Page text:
Land Rover Automatic Torque Biasing Limited Slip Diff Ashcroft
AUTOMATIC TORQUE BIASING LIMITED SLIP DIFFERENTIAL
Front & rear
Defender - 1993 onwards
Discovery 1 - 1993 - 1998
Range Rover Classic - 1993 - 1996
> Fully automatic - needs no driver input
> Totally transparent on road, i.e, no unwanted adverse effects
> Only comes into play when one wheel looses traction, i.e, a difference in wheel speed
> Enhances the traction control as it multiplies the bias load created by the braking effect of the traction control
> Needs no special oils
> Needs no adjustment as the gears compensate for any wear that takes place
> Only with 24 spline side gears
The automatic torque biasing limited slip differential is a ‘Helical Gear’ type LSD with six gear pockets.
There are a number of other LSD available including the ‘plate type’ and the Torsen T1, we believe the ATB is superior to the plate type LSD principally because of the high pre-load necessary to make the plate type effective, this high pre load leads to ‘harshness and vibration effects’ and causes high premature wear. The Torsen T1 was the forerunner ATB and relied on a different principle to generate cross torque, effectively using coupled worm and wheel gears, being driven backwards, to create the necessary friction loads. These often failed due to this high loading destroying the worm gears.
The helical gear type ATB has many advantages that overcome the objections to other designs.
There is a minimal pre-load necessary to engage the gears but this does not cause excessive wear or harshness, the helical gear type is virtually invisible to the driver on normal road use as the gear/pocket friction simply does not occur.
So how does this ‘helical gear’ ATB work, as stated earlier there are six sets of helical gears, mounted parallel to the axle, each side ‘sun’ gear drives six helical gears, these mesh with six corresponding helical gears which in turn drive the opposite side ‘sun’ gear. The important factor is the fact that these helical gears are mounted in ‘pockets’ in the center carrier, so any radial load on the helical gears causes them the press against the side of the pocket creating friction. This is why we use six pockets as opposed to three in another well known brand, more pockets more friction and better ATB effect.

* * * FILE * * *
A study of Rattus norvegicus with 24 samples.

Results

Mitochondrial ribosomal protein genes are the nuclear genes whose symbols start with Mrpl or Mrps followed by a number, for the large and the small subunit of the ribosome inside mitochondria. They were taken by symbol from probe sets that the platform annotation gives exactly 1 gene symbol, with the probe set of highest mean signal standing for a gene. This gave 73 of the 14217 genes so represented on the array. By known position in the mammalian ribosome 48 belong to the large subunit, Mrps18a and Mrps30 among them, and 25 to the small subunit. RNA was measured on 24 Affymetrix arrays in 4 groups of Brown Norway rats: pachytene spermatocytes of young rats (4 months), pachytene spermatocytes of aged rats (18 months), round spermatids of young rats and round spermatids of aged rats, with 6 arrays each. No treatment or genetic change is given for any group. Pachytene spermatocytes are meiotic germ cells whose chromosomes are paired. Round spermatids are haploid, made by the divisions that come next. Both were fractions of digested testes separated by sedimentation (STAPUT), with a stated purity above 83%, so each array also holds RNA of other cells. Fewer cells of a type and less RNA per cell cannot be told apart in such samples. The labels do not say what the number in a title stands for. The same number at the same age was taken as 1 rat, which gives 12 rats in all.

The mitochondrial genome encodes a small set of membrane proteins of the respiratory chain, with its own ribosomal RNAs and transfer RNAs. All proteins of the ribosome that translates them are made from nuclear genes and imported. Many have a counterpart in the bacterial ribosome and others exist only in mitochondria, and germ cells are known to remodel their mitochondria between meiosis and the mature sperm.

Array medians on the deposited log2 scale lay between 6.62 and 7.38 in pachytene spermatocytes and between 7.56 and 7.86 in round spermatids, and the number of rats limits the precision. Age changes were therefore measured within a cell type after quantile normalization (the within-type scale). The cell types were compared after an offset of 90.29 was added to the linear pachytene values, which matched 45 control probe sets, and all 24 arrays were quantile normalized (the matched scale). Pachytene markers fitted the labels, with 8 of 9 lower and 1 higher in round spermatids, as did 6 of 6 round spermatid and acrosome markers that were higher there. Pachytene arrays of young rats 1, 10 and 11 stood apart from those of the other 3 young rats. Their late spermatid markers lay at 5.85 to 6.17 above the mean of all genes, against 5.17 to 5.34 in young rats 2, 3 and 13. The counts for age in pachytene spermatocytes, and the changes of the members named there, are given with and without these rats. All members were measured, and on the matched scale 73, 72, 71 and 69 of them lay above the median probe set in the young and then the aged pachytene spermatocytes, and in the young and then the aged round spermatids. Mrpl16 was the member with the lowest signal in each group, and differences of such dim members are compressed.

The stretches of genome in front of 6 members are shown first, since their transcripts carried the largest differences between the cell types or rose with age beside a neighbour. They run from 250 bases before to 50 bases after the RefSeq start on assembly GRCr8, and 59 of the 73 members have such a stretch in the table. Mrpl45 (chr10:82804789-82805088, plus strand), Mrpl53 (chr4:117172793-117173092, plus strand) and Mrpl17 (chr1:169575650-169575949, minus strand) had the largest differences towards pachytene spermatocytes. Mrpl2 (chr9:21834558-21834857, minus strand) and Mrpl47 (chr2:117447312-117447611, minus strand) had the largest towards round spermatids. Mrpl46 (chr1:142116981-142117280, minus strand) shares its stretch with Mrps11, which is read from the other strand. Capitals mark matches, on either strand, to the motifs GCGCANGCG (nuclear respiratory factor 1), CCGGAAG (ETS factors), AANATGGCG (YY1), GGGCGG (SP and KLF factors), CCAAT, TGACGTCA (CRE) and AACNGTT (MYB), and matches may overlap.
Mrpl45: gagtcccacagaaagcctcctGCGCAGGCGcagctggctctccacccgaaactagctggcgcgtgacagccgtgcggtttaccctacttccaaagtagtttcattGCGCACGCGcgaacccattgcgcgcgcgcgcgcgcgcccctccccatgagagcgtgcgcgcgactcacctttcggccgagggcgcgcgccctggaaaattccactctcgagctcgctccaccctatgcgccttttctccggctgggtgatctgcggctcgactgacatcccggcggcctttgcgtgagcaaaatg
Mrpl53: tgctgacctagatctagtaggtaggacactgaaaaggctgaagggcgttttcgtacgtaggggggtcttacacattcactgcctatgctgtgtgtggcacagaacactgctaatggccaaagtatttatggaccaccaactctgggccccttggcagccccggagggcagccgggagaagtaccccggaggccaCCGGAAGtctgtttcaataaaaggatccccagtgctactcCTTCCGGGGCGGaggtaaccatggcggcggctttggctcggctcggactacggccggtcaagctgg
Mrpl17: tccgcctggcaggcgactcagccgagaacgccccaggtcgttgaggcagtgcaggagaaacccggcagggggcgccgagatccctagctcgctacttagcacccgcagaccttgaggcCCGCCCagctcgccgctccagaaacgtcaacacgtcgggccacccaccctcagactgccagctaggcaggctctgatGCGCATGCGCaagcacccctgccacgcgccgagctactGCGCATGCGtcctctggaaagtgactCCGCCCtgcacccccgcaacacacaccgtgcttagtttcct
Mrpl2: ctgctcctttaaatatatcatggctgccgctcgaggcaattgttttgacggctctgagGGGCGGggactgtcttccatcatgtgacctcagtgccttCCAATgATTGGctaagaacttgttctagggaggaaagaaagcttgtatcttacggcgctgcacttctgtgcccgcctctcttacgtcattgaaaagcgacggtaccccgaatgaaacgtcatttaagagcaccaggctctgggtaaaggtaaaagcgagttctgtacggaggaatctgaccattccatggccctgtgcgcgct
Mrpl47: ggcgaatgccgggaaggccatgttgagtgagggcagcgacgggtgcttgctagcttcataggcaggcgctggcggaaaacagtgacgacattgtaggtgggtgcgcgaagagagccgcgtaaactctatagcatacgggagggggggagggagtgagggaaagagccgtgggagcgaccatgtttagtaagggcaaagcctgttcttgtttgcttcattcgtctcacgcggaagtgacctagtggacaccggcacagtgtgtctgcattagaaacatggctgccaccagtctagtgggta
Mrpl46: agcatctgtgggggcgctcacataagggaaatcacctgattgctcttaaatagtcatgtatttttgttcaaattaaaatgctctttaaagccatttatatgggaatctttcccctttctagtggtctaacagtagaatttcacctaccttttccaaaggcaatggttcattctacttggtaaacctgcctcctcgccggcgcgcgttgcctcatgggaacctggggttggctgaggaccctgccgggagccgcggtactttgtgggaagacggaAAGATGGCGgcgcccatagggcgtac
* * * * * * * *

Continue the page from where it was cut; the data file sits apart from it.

One of the drawbacks of the ATB is that it is always necessary to have some load on one wheel per axle. If there a no load situation eg cross axle the wheel with traction would only see approx three times the load on the wheel with no traction ie nothing! To overcome this, as stated earlier, the ATB is fitted with some pre-load springs to provide some loading to the side with no traction in the event of a cross axle, where this pre-load is not providing sufficient traction to the other side then one favourite trick is to apply a small amount of left foot brake whilst applying more throttle. This manoeuvre fools the diff by providing load to the non-traction side which is multiplied by the ATB (approx 3:1) to the other side, the loss of drive attributed to the brakes which are acting equally on both wheels is overcome by the additional throttle. In a car fitted with Automatic Traction Control this braking all takes effect automatically and the ATB provides additional traction by multiplying the ATC effect.
The ATB diff can be fitted in the front or the rear, in the rear you will not notice its there during normal road driving, in the front it will make the steering self centre a little more than normal when coming out of a corner but this is only very slight and will lessen within the first few hundred miles and also you will find you automatically adjust to this feeling very quickly.
So why use an ATB instead of a locker?
Basically when driving on a low traction surface. For example sand, snow, or even wet grass rather than have a locked diff which can ‘cause’ loss of traction for example when cornering as both wheel are forced to travel at the same speed, one wheel typically breaks traction allowing all the drive to the other wheel which will also break traction. The ATB will allow wheel speed difference but at the same time will always try to equalise the torque to each wheel, this reduces the possibility of a spin out situation.
Note - Due to the nature of the ATB diff we do not recommend the vehicle is brake tested on rollers, ask for a decelerometer to be used instead.